Published on 11/13/2022
The following letter, authored by League member Kit Muehlman, appeared in the Cascadia Daily News on November 2.
To anyone worried about the integrity of our elections, I suggest you see for yourself. In Washington, we have opportunities to observe each election, and see for ourselves the security in the collecting and counting of our ballots.
In October, 2022, I attended the Logic and Accuracy tests at the Auditor’s office, along with two other non-partisan observers, and five observers from the Washington Secretary of State’s office. Amy Grasher, elections supervisor, fed a pre-marked test deck of ballots from 173 precincts into the Clear Ballot machine. The machine almost instantly counted the ballots and imprinted each with a number. Then Amy put the ballots into a tamper evident bag. The machines are certified like this before each and every election.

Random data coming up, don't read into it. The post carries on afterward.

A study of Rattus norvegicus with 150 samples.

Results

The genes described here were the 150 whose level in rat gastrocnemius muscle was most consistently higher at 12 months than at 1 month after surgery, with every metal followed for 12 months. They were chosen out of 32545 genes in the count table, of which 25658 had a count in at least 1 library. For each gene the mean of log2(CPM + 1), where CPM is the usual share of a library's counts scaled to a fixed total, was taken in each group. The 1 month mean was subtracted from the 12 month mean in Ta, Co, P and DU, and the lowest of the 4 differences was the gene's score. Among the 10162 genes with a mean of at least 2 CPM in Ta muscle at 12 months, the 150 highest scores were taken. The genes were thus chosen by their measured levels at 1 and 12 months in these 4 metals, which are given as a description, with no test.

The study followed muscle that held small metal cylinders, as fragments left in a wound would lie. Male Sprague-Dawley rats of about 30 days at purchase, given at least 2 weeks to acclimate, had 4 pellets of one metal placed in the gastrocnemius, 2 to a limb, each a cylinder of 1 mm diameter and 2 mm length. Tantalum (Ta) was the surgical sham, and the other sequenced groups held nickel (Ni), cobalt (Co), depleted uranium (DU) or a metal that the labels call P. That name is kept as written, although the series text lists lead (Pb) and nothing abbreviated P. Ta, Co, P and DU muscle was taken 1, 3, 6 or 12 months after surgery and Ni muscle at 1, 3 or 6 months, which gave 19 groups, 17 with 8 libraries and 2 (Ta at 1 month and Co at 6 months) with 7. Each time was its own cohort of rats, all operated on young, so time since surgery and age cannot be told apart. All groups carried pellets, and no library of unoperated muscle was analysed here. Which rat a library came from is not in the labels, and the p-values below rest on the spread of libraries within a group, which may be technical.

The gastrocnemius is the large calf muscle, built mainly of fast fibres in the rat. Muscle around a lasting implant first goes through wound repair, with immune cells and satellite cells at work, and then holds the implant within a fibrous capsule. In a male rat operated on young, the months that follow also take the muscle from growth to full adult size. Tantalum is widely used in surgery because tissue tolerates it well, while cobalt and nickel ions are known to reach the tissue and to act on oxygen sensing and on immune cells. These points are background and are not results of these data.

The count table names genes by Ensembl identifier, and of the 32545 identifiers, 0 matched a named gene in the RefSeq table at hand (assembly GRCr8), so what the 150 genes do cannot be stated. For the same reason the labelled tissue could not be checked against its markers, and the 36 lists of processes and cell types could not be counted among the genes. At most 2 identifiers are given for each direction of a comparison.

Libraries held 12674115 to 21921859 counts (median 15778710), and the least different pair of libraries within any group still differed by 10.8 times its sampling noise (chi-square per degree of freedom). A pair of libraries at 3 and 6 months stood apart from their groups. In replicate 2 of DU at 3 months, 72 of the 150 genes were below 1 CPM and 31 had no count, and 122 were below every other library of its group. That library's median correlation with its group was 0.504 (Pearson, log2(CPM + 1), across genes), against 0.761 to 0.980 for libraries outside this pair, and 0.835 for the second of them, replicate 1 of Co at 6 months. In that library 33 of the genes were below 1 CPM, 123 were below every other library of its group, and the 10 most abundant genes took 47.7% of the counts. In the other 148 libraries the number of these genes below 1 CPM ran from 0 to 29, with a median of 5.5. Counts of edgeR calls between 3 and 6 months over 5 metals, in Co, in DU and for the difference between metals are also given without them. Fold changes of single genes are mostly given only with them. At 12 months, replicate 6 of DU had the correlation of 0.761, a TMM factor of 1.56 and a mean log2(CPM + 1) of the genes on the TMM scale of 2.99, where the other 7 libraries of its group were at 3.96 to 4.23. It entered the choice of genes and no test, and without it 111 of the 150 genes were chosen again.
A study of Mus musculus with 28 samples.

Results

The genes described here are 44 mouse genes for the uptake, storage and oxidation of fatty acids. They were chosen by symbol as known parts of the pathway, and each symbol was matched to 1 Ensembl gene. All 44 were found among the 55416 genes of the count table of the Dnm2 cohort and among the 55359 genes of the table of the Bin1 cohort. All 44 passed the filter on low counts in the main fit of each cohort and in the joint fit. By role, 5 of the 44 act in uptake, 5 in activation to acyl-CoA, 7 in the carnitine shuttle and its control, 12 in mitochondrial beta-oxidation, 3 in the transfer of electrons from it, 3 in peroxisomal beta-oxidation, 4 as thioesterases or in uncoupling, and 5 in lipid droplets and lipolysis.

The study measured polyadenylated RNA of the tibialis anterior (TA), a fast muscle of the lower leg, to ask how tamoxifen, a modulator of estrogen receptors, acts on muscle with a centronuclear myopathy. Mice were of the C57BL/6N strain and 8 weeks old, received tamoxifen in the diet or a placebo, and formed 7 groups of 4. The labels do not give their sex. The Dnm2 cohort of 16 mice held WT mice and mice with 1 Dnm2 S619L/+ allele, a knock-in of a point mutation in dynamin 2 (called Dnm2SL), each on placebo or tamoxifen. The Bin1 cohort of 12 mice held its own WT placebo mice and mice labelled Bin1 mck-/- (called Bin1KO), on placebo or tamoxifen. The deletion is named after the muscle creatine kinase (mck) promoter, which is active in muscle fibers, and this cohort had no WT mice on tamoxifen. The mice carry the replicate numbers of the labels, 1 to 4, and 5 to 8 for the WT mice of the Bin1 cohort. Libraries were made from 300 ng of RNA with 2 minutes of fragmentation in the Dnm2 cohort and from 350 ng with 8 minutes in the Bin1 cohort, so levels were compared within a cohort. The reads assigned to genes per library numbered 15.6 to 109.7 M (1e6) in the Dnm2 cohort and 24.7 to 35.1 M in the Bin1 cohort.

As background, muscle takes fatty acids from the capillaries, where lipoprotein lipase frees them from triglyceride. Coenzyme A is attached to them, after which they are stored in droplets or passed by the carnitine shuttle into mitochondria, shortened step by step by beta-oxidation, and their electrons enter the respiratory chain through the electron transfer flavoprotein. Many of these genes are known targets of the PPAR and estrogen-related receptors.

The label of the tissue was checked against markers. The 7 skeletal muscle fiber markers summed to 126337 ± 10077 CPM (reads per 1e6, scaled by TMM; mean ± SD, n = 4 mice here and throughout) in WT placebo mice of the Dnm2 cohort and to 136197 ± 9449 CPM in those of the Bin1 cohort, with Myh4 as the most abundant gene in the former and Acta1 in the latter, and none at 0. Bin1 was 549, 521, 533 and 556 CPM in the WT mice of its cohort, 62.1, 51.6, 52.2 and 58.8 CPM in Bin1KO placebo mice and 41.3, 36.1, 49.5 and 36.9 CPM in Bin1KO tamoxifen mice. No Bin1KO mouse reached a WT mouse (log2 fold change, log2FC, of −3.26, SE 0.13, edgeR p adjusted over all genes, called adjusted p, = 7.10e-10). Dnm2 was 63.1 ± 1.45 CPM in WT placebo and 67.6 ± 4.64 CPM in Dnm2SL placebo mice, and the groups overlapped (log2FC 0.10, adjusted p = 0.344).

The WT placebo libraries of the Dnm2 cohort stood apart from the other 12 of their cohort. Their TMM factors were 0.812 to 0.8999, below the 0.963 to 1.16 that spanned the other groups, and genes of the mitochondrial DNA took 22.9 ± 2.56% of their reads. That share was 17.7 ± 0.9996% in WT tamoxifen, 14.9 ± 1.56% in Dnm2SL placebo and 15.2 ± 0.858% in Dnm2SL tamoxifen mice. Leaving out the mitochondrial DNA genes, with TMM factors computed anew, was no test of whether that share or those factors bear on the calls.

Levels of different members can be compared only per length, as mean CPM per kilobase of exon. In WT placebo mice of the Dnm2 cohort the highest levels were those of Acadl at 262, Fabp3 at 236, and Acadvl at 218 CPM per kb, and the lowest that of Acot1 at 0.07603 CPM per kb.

The official observer program is dictated by state law, and anyone can watch the steps in our upcoming election. Our Whatcom County Auditor, Diana Bradrick, encourages people to observe elections, and to ask questions, so that we understand how secure the procedure is. There are two ways to observe:
Appearing in person October 19-November 28, between 8 and 4:30 pm, M-F
From home watching the five live-stream webcams 24 hours a day.
On the dates after election day, you can watch the hand count and the risk limiting audits that check the results for accuracy.
Beforehand, go to the Whatcom Auditor’s website, read the online Observer Guide, and watch the Observer Training Video. You’ll see how the signature on every envelope, without exception, is verified before the ballot goes to the next step.
When I first took the election observer training, I was impressed with the painstaking procedures they use for accuracy and transparency. As an observer on the training video noted, “It’s too bad everybody doesn’t have to watch it, before they make their first complaint.”